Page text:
The government is to invest £40m in new projects under its 5G Testbeds and Trials scheme, and will explore new ways to liberalise planning laws to support quicker 5G deployment

The Department for Digital, Culture, Media and Sport (DCMS) has announced a £40m investment to run a new round of 5G mobile networking projects as part of its 5G Testbeds and Trials programme, which was first set up in autumn 2017.

Projects already run under the 5G Testbeds and Trials scheme include bringing virtual and augmented reality content to tourists visiting Bath’s ancient Roman spa, and exploring the potential of 5G applications to enhance the theatre-going experience in Brighton, as well as transport, broadcasting and healthcare.

This new phase of the programme will support work in the logistics and manufacturing sectors, and DCMS is soliciting applications from those keen to run projects that could help these industries improve their productivity and output, covering, for example, new manufacturing processes, or new means of last-mile delivery.

In a keynote address at the 5G World Conference, currently being held in London under the auspices of London Tech Week, digital minister Jeremy Wright said: “As part of our modern Industrial Strategy, we are making sure that Britain has a telecoms infrastructure that is fit for the future.

“5G is about more than mobile phone consumers having a fast and reliable connection anywhere in the country. It’s a vital piece of technology that can be used to improve the productivity and growth of our industrial sectors. That’s why we are excited to develop new trials in areas such as manufacturing and logistics that can really benefit from 5G.”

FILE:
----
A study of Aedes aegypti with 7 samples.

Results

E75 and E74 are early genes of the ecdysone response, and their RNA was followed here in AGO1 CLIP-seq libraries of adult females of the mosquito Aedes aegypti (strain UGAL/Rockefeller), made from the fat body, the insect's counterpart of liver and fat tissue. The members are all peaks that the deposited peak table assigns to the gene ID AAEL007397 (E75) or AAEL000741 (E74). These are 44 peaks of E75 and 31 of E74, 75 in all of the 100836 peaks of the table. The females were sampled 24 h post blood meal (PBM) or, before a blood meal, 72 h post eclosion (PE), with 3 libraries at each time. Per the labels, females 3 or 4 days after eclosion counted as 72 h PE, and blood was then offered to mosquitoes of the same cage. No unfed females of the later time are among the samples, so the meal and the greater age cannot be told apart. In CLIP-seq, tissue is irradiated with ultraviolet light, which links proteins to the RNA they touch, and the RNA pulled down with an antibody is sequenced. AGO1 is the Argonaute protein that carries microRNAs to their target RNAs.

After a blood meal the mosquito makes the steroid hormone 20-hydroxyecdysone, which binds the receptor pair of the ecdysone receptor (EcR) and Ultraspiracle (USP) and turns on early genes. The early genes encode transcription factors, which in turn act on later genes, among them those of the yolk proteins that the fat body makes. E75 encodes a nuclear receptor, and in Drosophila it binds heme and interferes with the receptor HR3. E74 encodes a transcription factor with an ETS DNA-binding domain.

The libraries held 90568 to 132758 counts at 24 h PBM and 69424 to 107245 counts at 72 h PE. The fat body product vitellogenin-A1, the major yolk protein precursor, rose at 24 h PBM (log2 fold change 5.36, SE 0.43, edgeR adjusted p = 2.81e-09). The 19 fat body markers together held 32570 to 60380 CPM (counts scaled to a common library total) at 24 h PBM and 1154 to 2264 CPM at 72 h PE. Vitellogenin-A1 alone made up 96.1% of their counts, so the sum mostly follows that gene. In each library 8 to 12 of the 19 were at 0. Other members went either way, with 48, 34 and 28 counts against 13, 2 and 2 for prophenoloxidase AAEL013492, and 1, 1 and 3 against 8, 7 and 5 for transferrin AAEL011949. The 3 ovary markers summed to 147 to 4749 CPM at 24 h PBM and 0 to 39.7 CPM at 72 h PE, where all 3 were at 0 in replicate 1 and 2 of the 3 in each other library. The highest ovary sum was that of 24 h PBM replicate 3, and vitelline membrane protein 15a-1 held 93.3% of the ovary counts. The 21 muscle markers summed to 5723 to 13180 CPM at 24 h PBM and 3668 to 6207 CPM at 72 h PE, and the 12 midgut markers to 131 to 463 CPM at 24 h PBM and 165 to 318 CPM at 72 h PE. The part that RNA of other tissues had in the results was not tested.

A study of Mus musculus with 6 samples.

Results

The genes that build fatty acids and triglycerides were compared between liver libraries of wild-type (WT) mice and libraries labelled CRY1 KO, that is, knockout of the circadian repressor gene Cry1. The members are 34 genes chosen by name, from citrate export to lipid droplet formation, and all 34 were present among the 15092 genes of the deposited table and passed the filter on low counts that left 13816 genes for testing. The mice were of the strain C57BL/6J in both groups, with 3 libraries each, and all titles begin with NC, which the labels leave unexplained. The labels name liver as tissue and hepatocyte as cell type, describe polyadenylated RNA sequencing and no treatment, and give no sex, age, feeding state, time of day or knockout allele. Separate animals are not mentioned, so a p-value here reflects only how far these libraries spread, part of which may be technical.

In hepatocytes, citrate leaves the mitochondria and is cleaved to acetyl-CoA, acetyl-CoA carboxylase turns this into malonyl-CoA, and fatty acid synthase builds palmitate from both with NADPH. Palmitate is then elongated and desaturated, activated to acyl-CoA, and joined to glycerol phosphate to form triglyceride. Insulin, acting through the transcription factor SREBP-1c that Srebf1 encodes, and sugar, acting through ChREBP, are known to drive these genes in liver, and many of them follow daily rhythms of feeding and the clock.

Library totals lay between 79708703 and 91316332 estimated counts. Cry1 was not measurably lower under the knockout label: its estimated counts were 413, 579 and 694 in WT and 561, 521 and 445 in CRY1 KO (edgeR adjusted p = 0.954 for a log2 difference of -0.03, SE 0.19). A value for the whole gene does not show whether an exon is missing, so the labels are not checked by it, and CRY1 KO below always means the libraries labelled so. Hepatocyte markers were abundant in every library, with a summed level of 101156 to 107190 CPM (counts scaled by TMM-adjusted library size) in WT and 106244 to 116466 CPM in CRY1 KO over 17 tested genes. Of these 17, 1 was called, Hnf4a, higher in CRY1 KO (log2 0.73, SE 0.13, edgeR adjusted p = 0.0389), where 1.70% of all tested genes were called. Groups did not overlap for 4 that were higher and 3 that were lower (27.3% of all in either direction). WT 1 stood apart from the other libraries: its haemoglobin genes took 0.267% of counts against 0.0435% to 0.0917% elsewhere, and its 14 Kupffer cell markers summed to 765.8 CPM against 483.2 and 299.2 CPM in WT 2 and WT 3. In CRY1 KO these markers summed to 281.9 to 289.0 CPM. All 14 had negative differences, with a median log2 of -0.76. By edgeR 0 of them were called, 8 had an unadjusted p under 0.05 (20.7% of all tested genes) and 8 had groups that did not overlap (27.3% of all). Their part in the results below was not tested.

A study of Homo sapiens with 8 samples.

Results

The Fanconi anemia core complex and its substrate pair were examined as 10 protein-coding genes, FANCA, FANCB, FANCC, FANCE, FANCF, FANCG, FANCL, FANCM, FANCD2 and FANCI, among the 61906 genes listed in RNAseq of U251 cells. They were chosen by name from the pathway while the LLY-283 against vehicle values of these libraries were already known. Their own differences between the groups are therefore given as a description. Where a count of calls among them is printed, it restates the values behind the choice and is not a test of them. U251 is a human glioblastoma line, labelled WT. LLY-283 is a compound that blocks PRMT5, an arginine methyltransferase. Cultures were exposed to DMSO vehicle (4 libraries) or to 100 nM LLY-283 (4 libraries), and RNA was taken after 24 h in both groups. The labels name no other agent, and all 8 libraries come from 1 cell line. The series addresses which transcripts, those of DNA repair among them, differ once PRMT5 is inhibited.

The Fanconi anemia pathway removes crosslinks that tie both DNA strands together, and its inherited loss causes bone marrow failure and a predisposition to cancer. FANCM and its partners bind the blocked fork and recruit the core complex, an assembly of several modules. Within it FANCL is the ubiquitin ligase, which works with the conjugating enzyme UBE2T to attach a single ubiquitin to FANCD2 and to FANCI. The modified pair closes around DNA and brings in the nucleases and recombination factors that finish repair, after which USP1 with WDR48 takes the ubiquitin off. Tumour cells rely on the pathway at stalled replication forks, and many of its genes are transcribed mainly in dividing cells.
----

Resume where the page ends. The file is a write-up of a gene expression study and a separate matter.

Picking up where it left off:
Phil Sorsky, international vice-president at wireless network firm CommScope, said: “It is positive to see any government investing in the manufacturing applications of 5G, as the technology means so much more than just quicker download speeds for consumers.

“Connected devices are talking to each other and making decisions without human intervention. As machines become smarter with more data, factories are producing more and becoming more efficient. This process will only be accelerated by the 5G roll-out, boosting the productivity and output of the UK economy.

“5G will also begin to enable the wider use of virtual and augmented reality in the manufacturing industry, for example assisting workers with complex assembly tasks and quality control, through lower latency and greater consistency.”


Mobile UK director Hamish MacLeod said: “Getting the planning system right for future 5G and today’s 4G networks is critical to ensure the UK continues to lead the world in digital connectivity.

“It is right that the government has announced it is to look at simplifying planning processes, and we stand ready to work in partnership to ensure this can happen as quickly as possible to aid the continued roll-out of mobile networks.”

DCMS said its plans would involve tackling barriers to deployment, and supporting better conditions for private sector investment. One early step will be to make 168MHz of new spectrum, currently owned by the Ministry of Defence, available to fixed and mobile network operators. This will also fulfil government ambitions to make 500MHz of public sector spectrum open to commercial users.